Maybe this is the year you finally begin to grow a few vegetables. Why not give it a try? The key is to start small and see how you like it.
“When planning a garden, most people have delusions of grandeur,” says Bob Yedowitz, the third-generation nurseryman and owner of Emil Yedowitz Sons Inc. in Yonkers. “They want to plant a farm — and they end up getting disappointed.”
“When starting, remember to keep it simple,” says Yedowitz, who gave a talk last month at St. Matthew’s Parish House in Bedford on “Vegetable Gardening in Small Spaces and Containers” as part of the annual Home Gardening Lecture Series sponsored by the master gardener volunteers of Cornell Cooperative Extension of Westchester.
Rather than planting row after row of exotic vegetables, start with a few basics such as tomatoes, cucumbers, greens or peppers, he suggests. A 10-by-4-foot raised bed makes an ideal starter garden. If you don’t have space for that, try a container, Yedowitz says. Just make sure you use one that’s large enough to accommodate a full season’s growth and root expansion.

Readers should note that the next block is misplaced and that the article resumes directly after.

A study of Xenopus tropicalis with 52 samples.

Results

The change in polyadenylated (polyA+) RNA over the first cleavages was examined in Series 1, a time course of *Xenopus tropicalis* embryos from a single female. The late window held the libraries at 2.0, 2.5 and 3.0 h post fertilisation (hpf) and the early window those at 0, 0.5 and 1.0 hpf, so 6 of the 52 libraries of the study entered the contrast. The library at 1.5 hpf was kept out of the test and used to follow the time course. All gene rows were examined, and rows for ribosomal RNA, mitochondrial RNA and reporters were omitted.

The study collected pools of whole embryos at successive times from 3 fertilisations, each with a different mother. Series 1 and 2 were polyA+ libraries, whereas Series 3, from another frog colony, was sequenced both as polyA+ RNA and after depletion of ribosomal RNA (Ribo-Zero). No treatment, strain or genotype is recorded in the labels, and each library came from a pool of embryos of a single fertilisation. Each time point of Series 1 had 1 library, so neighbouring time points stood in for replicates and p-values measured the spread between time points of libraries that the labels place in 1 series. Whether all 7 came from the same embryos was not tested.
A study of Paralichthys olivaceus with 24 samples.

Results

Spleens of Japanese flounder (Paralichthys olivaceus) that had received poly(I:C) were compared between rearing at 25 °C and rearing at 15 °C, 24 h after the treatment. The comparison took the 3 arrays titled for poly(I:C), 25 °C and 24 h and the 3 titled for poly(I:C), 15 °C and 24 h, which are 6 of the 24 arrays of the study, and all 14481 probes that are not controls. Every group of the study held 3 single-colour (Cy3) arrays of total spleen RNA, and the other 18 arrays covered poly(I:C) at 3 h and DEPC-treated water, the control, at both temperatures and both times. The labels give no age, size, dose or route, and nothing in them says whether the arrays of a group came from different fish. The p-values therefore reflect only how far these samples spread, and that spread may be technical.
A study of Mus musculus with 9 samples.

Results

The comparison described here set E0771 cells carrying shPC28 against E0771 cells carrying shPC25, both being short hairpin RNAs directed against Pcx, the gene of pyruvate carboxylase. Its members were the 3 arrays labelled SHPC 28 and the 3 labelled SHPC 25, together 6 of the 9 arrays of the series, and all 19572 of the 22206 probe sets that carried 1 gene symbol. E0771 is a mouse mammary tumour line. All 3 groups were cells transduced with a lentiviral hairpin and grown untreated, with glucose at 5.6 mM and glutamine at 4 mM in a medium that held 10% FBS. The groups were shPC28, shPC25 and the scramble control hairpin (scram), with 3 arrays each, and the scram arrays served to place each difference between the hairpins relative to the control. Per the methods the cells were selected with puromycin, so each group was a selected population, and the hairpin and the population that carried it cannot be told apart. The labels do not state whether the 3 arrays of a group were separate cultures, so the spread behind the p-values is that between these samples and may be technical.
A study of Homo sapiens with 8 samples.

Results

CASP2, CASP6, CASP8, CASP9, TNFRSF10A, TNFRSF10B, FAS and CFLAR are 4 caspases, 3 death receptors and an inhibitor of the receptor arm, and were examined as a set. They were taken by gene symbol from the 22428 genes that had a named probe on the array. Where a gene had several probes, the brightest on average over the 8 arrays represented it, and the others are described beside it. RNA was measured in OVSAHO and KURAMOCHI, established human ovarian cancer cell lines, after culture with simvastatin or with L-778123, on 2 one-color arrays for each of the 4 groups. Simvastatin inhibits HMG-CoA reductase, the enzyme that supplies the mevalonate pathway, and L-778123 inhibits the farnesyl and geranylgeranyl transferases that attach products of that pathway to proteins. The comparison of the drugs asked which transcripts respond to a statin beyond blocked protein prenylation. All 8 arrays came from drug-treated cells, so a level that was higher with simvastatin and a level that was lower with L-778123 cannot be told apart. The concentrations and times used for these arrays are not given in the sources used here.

Lettuces are among the easiest vegetables to grow in containers because they grow quickly and don’t develop an extensive root system. They also grow particularly well from seed.
And new attractive varieties are coming onto the market every year. This spring, Renee’s Garden has a gorgeous new lettuce called ‘Sea of Red.’
(photos from Renee’s)
It features loose, open heads and long sword-shaped leaves in a deep mahogany-red.
Many red lettuces fade in the hot sun, but not ‘Sea of Red.’ Its vibrant shade of red just gets more intense.
Lettuces do best in the cool weather of mid-spring, and then put out more seeds in late summer for a fall crop.
Renee’s promises that ‘Sea of Red’ tastes as good as it looks. It sounds like the perfect accent for any green lettuce in your salad bowl this summer.
For more information, visit www.reneesgarden.com or call 888-880-7228.